Father Ted’s November 2012 Message


By Fr. Theodore Stylianopoulos.

Editor’s Note: Fr. Ted delivered these words at his retirement celebration on Saturday, October 13, 2012 to almost 200 people in Hellenic Hall. This is the final issue of Fr. Ted’s monthly message.

It was April 1978 when I first arrived in Keene from Boston. The Bishop had assigned me to the community of St. George to conduct Holy Week services. I had no idea that I would continue for any length of time. Because Presvytera Faye needed the only car we had, I had come by Greyhound bus. Christ Tasoulas, then parish council president, greeted me at the bus station and acted as chauffeur for my priestly calls. Christ and Anna hosted me warmly at their home throughout the week. By God’s grace, the week turned into months and the months into years and the years into decades!

As I look back on all these years of my priesthood at St. George’s, my heart is filled with gratitude. I thank you, all the wonderful faithful, for welcoming me and my family, and for making us part of the parish family. All these years, St. George parish has been a home for us through your love and kindness. Your faithfulness to God and your love for the Church have been sources of strength and inspiration to all of us. We have prayed and worked together. We have eaten and celebrated together. We have shared joys and sorrows. Many of you opened your homes to us in warm hospitality. For all these things I am deeply thankful to you and give praise to “God from whom are all things and for whom we exist, and to the one lord Jesus, through whom are all things and through whom we exist” (1 Corinthians 8:6).

Being unable to be with you during the week, the Divine Liturgy on Sunday mornings has been the heart and soul of our community. This is most appropriate because the Divine Liturgy is the main sacrament of the Church, a payer event actualizing God’s kingdom in our lives through worship, teaching, and fellowship. The Divine Liturgy is called Eucharist (“Thanksgiving”) because Jesus, having gathered His disciples at the Last Supper, gave thanks to God and said: “Take eat, this is my Body . . . Drink of [this cup] all of you, for this is my Blood of the new covenant, for the forgiveness of sins.” So we, too, have gathered around the table of the Lord, again and again all these years, and partook of Holy Communion, uniting us with Christ and with each other as brothers as sisters. There is nothing more powerful than the bond of love between Christians who love the Lord and love each other. St. John the Evangelist writes: “We know that we have passed out of death into life, because we love the brothers and sisters” (1 john 3:14).

November is the month of Thanksgiving Day. But we know that thanksgiving is a way of life. It is a way of loving God, being thankful for the gift of life, and counting our blessings in good times and hard times. While at the beach a man found a quarter in the sand. He sifted the sand with his fingers but found nothing more. Another man came by with a metal detector. He said he usually found many things with the detector. A thankful heart is like that detector, a magnet that passes over the paths and byways of life, finding and rejoicing in God’s blessings. It is our Christian privilege and an expression of the true spirit of Thanksgiving to show our gratitude to God both by means of prayer to Him and generosity to our needy brothers and sisters together with whom we call God “our” Father.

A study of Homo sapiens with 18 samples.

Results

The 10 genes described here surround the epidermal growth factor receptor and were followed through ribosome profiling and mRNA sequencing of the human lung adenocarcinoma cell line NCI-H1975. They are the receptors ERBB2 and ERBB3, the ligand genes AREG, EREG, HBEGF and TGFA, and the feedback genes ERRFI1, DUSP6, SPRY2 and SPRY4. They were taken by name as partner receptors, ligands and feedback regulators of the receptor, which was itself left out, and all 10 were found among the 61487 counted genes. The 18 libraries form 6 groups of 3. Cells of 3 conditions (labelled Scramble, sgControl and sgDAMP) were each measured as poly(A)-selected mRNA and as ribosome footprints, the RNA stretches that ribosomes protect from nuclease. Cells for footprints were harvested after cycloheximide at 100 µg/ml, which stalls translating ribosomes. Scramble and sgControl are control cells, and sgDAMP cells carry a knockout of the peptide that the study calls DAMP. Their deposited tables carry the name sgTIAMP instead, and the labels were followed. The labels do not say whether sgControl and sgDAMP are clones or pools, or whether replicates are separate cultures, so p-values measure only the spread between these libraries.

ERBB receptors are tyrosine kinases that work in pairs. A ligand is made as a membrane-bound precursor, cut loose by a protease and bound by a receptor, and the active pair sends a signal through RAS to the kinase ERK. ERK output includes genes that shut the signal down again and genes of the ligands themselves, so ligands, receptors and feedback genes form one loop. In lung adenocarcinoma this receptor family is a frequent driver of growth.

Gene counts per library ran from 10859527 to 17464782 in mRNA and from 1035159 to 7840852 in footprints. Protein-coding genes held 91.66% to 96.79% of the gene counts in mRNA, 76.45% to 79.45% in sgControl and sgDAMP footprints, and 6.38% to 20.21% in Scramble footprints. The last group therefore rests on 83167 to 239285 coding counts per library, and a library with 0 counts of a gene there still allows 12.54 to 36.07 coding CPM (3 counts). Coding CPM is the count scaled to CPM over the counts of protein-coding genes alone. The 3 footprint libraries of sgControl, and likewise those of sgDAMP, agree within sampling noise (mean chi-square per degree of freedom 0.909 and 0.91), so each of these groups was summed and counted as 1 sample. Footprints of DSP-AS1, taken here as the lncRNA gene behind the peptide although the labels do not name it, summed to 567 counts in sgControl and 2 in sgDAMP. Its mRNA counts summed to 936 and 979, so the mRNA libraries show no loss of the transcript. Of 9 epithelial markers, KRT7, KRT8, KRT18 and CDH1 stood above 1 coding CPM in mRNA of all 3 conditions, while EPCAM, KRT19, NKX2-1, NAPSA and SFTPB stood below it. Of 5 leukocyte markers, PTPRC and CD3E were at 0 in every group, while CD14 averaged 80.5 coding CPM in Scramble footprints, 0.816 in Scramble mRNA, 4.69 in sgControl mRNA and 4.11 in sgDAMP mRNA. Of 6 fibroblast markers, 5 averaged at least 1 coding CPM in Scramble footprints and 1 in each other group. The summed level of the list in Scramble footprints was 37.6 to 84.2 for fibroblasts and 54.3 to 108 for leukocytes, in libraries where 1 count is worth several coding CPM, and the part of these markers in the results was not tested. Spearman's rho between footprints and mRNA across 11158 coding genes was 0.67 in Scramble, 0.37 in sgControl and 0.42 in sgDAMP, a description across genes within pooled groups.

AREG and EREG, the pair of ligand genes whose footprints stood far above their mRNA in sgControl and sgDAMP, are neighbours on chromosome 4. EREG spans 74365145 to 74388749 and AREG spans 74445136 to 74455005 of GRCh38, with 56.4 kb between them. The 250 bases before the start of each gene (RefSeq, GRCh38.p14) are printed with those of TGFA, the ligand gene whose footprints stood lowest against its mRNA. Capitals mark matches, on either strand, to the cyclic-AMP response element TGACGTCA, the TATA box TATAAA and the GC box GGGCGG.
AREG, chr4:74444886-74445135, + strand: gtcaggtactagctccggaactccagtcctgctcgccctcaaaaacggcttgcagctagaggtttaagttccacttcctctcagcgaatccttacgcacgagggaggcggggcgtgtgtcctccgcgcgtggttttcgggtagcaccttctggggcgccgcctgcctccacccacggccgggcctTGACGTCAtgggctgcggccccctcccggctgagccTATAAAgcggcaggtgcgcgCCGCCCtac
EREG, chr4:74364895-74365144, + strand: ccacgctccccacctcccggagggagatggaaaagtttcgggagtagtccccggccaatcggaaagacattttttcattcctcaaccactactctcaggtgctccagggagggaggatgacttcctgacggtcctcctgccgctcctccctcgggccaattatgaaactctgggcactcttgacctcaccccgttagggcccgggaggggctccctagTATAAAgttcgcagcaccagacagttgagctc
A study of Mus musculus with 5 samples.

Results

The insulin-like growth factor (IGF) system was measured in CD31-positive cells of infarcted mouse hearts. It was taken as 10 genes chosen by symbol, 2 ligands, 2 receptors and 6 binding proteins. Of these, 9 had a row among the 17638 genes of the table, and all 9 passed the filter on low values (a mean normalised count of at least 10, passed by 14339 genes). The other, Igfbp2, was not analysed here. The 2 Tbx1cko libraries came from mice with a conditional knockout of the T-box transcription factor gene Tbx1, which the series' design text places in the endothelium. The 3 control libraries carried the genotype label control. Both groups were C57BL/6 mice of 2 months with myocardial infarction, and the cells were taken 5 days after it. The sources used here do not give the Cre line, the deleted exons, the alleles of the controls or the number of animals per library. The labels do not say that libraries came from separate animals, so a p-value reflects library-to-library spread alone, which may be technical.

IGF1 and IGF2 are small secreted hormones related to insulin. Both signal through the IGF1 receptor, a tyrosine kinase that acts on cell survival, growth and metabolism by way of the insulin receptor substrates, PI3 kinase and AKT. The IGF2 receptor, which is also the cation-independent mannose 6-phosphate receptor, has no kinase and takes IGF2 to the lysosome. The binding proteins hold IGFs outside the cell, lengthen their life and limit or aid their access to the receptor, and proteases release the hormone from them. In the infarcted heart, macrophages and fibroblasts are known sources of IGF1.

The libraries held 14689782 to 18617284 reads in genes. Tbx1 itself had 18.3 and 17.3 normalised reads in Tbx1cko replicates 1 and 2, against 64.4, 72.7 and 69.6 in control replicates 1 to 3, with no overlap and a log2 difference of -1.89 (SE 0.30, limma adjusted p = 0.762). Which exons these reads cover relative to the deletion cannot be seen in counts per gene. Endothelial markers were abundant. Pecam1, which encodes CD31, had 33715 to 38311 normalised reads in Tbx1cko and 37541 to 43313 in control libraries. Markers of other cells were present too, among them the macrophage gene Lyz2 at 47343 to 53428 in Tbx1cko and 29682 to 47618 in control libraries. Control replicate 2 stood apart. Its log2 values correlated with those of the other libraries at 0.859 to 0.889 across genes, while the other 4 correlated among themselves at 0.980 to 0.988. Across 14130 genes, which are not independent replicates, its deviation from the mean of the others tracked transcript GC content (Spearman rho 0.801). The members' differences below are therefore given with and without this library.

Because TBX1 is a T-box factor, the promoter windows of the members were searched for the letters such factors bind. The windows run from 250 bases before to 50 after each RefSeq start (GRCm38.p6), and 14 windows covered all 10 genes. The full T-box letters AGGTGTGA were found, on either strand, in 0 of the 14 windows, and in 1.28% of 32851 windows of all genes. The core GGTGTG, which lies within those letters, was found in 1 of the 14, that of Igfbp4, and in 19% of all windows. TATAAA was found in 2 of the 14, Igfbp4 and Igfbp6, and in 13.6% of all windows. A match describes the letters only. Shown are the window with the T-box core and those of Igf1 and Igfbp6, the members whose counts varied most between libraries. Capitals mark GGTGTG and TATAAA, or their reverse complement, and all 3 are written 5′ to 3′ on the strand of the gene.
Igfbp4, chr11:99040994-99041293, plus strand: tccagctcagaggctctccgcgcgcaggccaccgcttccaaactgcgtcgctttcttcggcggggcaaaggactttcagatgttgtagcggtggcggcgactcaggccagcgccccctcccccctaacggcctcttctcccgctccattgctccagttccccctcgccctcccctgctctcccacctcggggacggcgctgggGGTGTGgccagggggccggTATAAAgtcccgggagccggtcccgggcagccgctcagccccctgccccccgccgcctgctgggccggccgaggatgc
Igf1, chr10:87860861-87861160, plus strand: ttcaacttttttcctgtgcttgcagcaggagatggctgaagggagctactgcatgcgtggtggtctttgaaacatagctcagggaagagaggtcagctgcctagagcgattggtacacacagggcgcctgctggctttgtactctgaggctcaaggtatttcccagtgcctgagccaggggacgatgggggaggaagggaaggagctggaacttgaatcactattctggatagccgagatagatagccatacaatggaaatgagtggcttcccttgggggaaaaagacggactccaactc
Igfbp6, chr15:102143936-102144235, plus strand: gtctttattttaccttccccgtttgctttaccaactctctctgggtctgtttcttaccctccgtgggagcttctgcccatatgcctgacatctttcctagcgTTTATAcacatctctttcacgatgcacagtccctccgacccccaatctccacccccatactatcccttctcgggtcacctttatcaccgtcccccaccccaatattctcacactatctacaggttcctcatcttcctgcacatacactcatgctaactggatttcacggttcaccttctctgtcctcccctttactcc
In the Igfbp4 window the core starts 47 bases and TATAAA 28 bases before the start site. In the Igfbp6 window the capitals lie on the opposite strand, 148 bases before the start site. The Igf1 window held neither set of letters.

It is in the spirit of thankfulness and the Lord’s love that we seek forgiveness from each other. No one is without weaknesses. Our shortcomings keep us tied to the earth, because sin runs through the heart of every human being. Sometimes we offend and hurt each other without ever realizing it. Before Holy Communion the priest himself confesses to the congregation: “My brothers and sisters, forgive me, an unworthy priest.” It is in this spirit that I ask for your prayers and ask for your forgiveness for my shortcomings. I offer forgiveness to all and humbly ask to receive it from all. We read in the Epistle of James: “Confess your sins to one another, and pray for one another, that you may be healed” (James 5:16). It is through love and forgiveness that we find true comfort, freedom of the spirit, the joy of the Lord, and not least we prepare ourselves for the life of eternity.

All of us together, clergy and laity, are co-workers, servants and stewards in the vineyard of the Lord. St. Paul writes: “As servants of Christ and stewards of the mysteries of God . . . it is required of stewards that they be found trustworthy (pistoi)–faithful” (1 Corinthians 4:1-2). At a time of national uncertainty, world crises, the erosion of faith, and the distortion of truth and justice, let us be irrevocably committed to faithfulness–to Christ, to the Church, to the gospel of salvation, to the work God has given us in our own journey of life, and to each other. Beyond personalities and particular viewpoints, let unflinching faithfulness and Christian love that never fails be the ground of our unity; the anchor of our inspiration and strength to meet the challenges of today and tomorrow; and the foundation of hope and grace to carry on Christ’s mission in the world. Brothers and sisters in the Lord, “be watchful, stand firm in your faith, be courageous, be strong. Let all that you do be done in love” (1 Corinthians 16:13). Sisters and brothers, remember us and pray for us, just as we will remember you and pray for you. Be well in the Lord. To the Lord be praise and glory forever. Amen.